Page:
A Career Survival Kit
By Marty Nemko
The stock price of most major financial firms have plummeted and Fannie Mae, Freddie Mac, Bear Stearns, Lehman, AIG, and Merrill Lynch have tanked altogether. As of this writing (10/22/08) The S&P 500 is down almost 30% from just one month ago.
The impacts, alas, extend from Wall Street to Main Street. How can you protect your career in increasingly shaky times?
Want to hold onto your current job?
If you’re working for an organization you like, the rules for staying employed don’t change in tough times; they just becomes more critical:
§ Are you as good as you think? Most people live in Garrison Keillor’s Lake Woebegone, where everyone feels above average. Alas, they’re not. And don’t count on your annual performance review to reveal what you need to know. Those reviews are often misleadingly positive if your boss believes that bad evaluations demotivate.
Instead, get a 360-degree evaluation: Tell the following to a few people: a co-worker, a boss, a customer, a vendor, etc: “Like all good professionals, I’m trying to keep growing, so I periodically ask for feedback from people I work with and respect. So would you anonymously mail me a bit of feedback: a strength or two, a weakness or two, and an overall evaluation: excellent, good, fair, or poor. To ensure your anonymity, just write the note in a standard font and drop it on my desk or in the U.S. mail with no return address.”
§ Be as much a profit source as possible. That usually means being line rather than staff: for example, sales rather than human relations, product manager rather than public relations manager. But it also means keeping your antennae out for ways for building the bottom line. Be sure you get credit for your ideas. For example, email a draft of your ideas to the staff for feedback and so everyone knows it’s yours.
§ Be indispensable. When Keating, the boss in The Fountainhead, complained of too much work, Howard Roark offered to do some for him. Keating became addicted to Roark’s help, which made Roark indispensable to Keating.
Other ways to be indispensable: become an expert at something critical to the organization. Sure it can be something obvious like being expert on the new software your employer just bought, but it can be more subtle. One of my clients is a middle manager in a government agency in which there is ongoing racial strife. She became the bridge-builder between the feuding factions, making her indispensable. That was especially so because, in a government agency, it’s almost impossible to fire even a very aggravating employee.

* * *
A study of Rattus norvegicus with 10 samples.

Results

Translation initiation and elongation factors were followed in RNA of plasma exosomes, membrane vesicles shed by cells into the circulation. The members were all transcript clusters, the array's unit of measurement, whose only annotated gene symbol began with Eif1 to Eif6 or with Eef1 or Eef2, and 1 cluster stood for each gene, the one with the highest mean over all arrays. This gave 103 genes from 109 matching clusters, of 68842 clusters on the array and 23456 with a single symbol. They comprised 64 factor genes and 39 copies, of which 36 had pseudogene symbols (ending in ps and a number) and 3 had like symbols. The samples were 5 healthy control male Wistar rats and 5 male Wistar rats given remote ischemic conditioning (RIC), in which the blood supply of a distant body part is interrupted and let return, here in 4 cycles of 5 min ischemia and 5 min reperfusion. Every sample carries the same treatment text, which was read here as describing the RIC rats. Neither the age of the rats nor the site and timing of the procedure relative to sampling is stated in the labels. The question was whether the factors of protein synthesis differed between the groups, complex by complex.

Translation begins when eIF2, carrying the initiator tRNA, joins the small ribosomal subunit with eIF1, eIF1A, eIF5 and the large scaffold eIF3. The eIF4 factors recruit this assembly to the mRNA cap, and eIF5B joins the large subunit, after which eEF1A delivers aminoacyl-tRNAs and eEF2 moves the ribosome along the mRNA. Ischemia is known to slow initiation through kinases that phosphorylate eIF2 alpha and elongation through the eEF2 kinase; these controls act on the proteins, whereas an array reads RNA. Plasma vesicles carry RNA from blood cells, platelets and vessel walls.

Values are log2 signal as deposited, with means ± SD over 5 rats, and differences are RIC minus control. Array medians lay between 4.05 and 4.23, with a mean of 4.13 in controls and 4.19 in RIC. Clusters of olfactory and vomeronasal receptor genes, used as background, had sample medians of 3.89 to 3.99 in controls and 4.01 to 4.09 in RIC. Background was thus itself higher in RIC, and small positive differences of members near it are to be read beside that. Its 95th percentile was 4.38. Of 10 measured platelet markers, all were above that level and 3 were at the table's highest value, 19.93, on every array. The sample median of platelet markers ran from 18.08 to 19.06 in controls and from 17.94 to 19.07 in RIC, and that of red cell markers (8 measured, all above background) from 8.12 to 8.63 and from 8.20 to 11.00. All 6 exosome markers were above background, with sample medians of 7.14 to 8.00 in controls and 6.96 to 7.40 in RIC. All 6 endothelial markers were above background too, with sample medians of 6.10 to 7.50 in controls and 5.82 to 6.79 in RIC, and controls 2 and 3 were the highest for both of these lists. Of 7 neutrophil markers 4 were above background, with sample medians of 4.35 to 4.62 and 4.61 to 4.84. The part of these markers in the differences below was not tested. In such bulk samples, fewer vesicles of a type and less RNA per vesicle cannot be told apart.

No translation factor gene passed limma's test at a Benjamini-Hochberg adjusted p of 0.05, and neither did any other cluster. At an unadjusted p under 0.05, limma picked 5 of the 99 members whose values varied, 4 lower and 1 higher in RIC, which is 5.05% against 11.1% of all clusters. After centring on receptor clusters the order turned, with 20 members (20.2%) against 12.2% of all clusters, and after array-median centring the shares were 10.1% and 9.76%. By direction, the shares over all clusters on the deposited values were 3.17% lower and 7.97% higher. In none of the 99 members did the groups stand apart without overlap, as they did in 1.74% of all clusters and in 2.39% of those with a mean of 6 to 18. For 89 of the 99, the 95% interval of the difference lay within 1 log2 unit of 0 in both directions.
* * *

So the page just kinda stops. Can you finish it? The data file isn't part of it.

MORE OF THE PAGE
§ Do things to make your boss look good. Of course, in meetings give the boss credit as often as ethically possible, but also consider less obvious approaches. For example, write an article for a trade publication in which you describe the innovation your boss initiated. Or give a workshop on that innovation at a professional conference..
§ Hitch yourself to a star. Is your boss a crashing meteorite? See if you can effect a transfer to a shooting star. For example, if you see a star in the break room, say something like, “I’ve heard great things about you. If you ever need a little help on some crunch-time project, I’d be happy to help out.”
§ Become beloved. Even if you’re not the greatest performer, if you’re popular among your co-workers, most bosses will keep you to avoid dispiriting the others.
§ Don’t be expensive. In tough times, even if you deserve a raise and think you can get it, consider holding off. That way, if the organization later feels it needs to cut costs, you won’t stick out as expensive and thus ripe for cutting.
Looking for a job?
In a weak economy, nonprofits will suffer: people donate less when times are tough. Private companies will be ever more aggressive in cutting jobs: automating, part-timing, temping, and offshoring as many positions as possible. So, I believe the smartest choices are to:
Work for the government. If you’re not a self-starter, I believe the smartest choice is government employment, especially in health care, energy, racial and immigration initiatives, and in education (special education and community colleges should grow most.) These are political untouchables--they’ll always get funded and probably expanded under the Obama administration and liberal congress.
Start your own low-risk business. Examples: a small chain of food carts, parking-lot-based oil changing, and even my own career: career coaching.